The change that we in the mortgage and housing industries have experienced within the past year is amazing. As a result of last fall’s elections, we have gone from a relatively conservative government to a significantly more liberal one. The economy has tanked in a way that most of us have never witnessed. Now with the Home Valuation Code of Conduct (HVCC) and other regulatory mandates, some of us have been less than positive about our profession and our jobs.
Even the more sober among us must acknowledge that things in our industry going forward will be at least different, if not more challenging. Since I am generally an optimistic person, I tell myself that there must be a silver lining up there behind those clouds. For every door that closes another opens. It is just my job to interpret all of this and move in the right direction.
Since most of us do not want to change professions, I am going to take the position that someone has to do mortgages and that the market will take care of any excesses imposed upon us by the government. Looking at it this way: I have come to the following conclusions and encourage you to do likewise.
Half of the market
The HVCC only applies to mortgages sold to Fannie Mae and Freddie Mac. They only make up part of the market. That changes on a daily basis, so let’s say they are involved in half of the current market. That leaves 50 percent of the market not affected by HVCC. Federal Housing Administration (FHA) loans are very popular right now, and they are not affected by the HVCC. This is something for those of us consumed by all of the HVCC negativity, to take heart about.
The other half
To listen to some loan officers out there, one would think the only way they can make a living is to influence appraisers into appraising property for more than it is worth. I have too much confidence in the integrity of our mortgage professionals and too much confidence in our system to believe that. Fannie and Freddie are going to be buying large numbers of mortgages. Many if not most will be approved without having to be readdressed in regard to the appraisals. At times when the appraisal must be questioned, there is a proper procedure for doing this. If the appraisal is wrong, it will most likely get changed. That leaves a few potential loans that cannot and should not be made. Is that not what appraisals are suppose to be about and the way it should be?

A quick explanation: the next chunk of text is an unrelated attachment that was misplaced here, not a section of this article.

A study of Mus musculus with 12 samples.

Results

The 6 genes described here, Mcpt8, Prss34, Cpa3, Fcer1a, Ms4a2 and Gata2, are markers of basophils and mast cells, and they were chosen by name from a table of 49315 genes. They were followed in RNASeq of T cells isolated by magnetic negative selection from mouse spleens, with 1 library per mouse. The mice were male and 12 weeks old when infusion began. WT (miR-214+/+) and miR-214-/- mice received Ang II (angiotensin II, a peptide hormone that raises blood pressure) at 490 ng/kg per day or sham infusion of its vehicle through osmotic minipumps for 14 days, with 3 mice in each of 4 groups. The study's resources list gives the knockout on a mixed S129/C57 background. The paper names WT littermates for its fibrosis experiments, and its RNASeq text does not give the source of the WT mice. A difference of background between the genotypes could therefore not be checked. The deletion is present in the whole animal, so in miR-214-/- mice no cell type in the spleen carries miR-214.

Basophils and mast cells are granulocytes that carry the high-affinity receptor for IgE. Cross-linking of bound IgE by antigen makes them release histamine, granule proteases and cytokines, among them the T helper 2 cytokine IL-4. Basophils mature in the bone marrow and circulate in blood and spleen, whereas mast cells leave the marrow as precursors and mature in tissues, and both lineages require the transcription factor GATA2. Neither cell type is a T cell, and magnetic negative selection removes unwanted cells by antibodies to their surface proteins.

In conclusion, the sky is not falling. To the extent that we think we see pieces of the sky falling, it will not all be caused by the HVCC. Our worst enemy right now is the economy and the sluggish housing market. Home values are truly at a critically low level and this is contributing to the fallout of many of our deals. Until the market stabilizes the road will be rocky.
The new administration, whether you support it or not, is pumping a record-shattering amount of money into system to stimulate the economy. Much of this will help the housing market. This will occur in the form of tax incentives and more jobs available to would-be homeowners.
So it is about time that we all quit complaining and go to work doing what we do best, serving our customers. Appraisers too have been dealt a financial blow within the past few months, so we are in the same boat. Most appraisers are more than willing to take a second look at an appraisal that has come under question. We are not talking merely about the appraisal validating each and every loan application, but also flawed appraisals. There is a proper way to challenge appraisers who do sub-par work, and it is our responsibility to do it. For those properties that do not qualify as collateral for a given loan, then is it not proper to find another deal and move on?
My glass is half full and not half empty. I hope that yours is also.
Charlie W. Elliott Jr., MAI, SRA, is president of Elliott & Company Appraisers, a national real estate appraisal company. He can be reached at (800) 854-5889.